ENTRY SPONSOR: Catherine Foster
Geologist and college administrator Randolph W. Bromery was born in Cumberland, Maryland, on January 18, 1926, the son of Lawrence Randolph Bromery and Edith Edmonson Bromery. Graduating at the top of his high school class in 1942, he briefly worked as a machinist in Detroit, Michigan, before entering the United States Army Air Corps to train to be a pilot.
Bromery fought in World War II in Italy in the 332nd Fighter Group, famously known as the Tuskegee Airmen. At the end of hostilities in 1945, he enrolled at Howard University in Washington, D.C., but after a few years dropped out and found work as an airborne exploration geophysicist (later as a supervisory research geophysicist) with the U.S. Geological Survey. His years with the USGS involved him in projects from Alaska to West Africa. In 1948 he resumed his studies at Howard, earning the bachelor’s degree in mathematics and physics in 1954. He next obtained his master’s degree in geology at American University in 1962 and, with the assistance of a Gilman Fellowship, a doctorate in geology at Johns Hopkins University in 1968.
One of the nation’s first African American geophysicists, in 1969 Bromery began teaching as a geology professor at the University of Massachusetts at Amherst. He quickly gained tenure and became chairman of his department, then moved quickly from Vice Chancellor for Student Affairs in 1970 to Acing Chancellor of the university in 1971, thus becoming the third person of African descent to head a major, predominantly white, American institution of higher learning. He followed Patrick Francis Healy at Georgetown University in the 1870s Clifton R. Wharton, Jr. at Michigan State University in the 1970s. During his eight years as Chancellor he facilitated the depositing of the collected papers of W.E.B. DuBois and of Horace Mann Bond in the library’s Special Collections and University Archives.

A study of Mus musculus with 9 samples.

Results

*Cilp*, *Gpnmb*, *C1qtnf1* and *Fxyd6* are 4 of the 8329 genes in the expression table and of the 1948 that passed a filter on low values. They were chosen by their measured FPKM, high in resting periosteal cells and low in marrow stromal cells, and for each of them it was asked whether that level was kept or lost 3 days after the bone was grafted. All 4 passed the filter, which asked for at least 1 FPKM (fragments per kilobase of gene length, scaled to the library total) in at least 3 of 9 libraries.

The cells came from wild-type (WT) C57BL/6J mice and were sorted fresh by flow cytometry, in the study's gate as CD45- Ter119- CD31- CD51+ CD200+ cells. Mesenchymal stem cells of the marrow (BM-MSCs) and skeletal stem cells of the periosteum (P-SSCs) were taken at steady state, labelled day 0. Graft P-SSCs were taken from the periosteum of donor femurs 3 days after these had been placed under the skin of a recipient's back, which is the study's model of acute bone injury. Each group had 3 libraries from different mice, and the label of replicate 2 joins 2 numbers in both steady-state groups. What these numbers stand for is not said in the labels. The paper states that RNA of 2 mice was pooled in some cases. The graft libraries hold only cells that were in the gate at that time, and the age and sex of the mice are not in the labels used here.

Bromery rejoined the faculty and taught from 1979 to 1988 as Commonwealth Professor Emeritus of Geophysics. He returned to administration when appointed Acting President of Westfield State College in 1988 and was President of Springfield State College from 1992 to 1999. From 2002 to 2003 he was Interim President of Roxbury Community College near Boston. During the administration of governors Michael Dukakis and Bill Weld, Bromery served as Chancellor of the Massachusetts Board of Regents for Higher Education.
As an exceptional scientist who studied the Earth’s magnetic field in relation to the location of minerals, Bromery authored more than 150 research papers, many of them published as journal articles and government reports. His graduate work at Johns Hopkins received an award from the U.S. Department of the Interior. In 1989 he was elected President of the Geological Society of America which later honored him with a service medal.
Bromery served on the board of directors of Exxon Corporation, Singer Company, Northwest Mutual Insurance, and John Hancock Insurance. He received several honorary doctorates including one from Hokkaido University in Japan, and his labors to encourage women, people of color—particularly African Americans—to study and advance in the field of geology and in STEM fields was acknowledged by, among others, the National Association of Black Geologists and Geophysicists.
Today Bromery’s portrait is on permanent display in the Hall of The National Academy of Sciences in Washington, D.C. He died February 26, 2013 in Danvers, Massachusetts, survived by his wife Cecile Trescott Bromery, five children, eleven grandchildren, and three great grandchildren.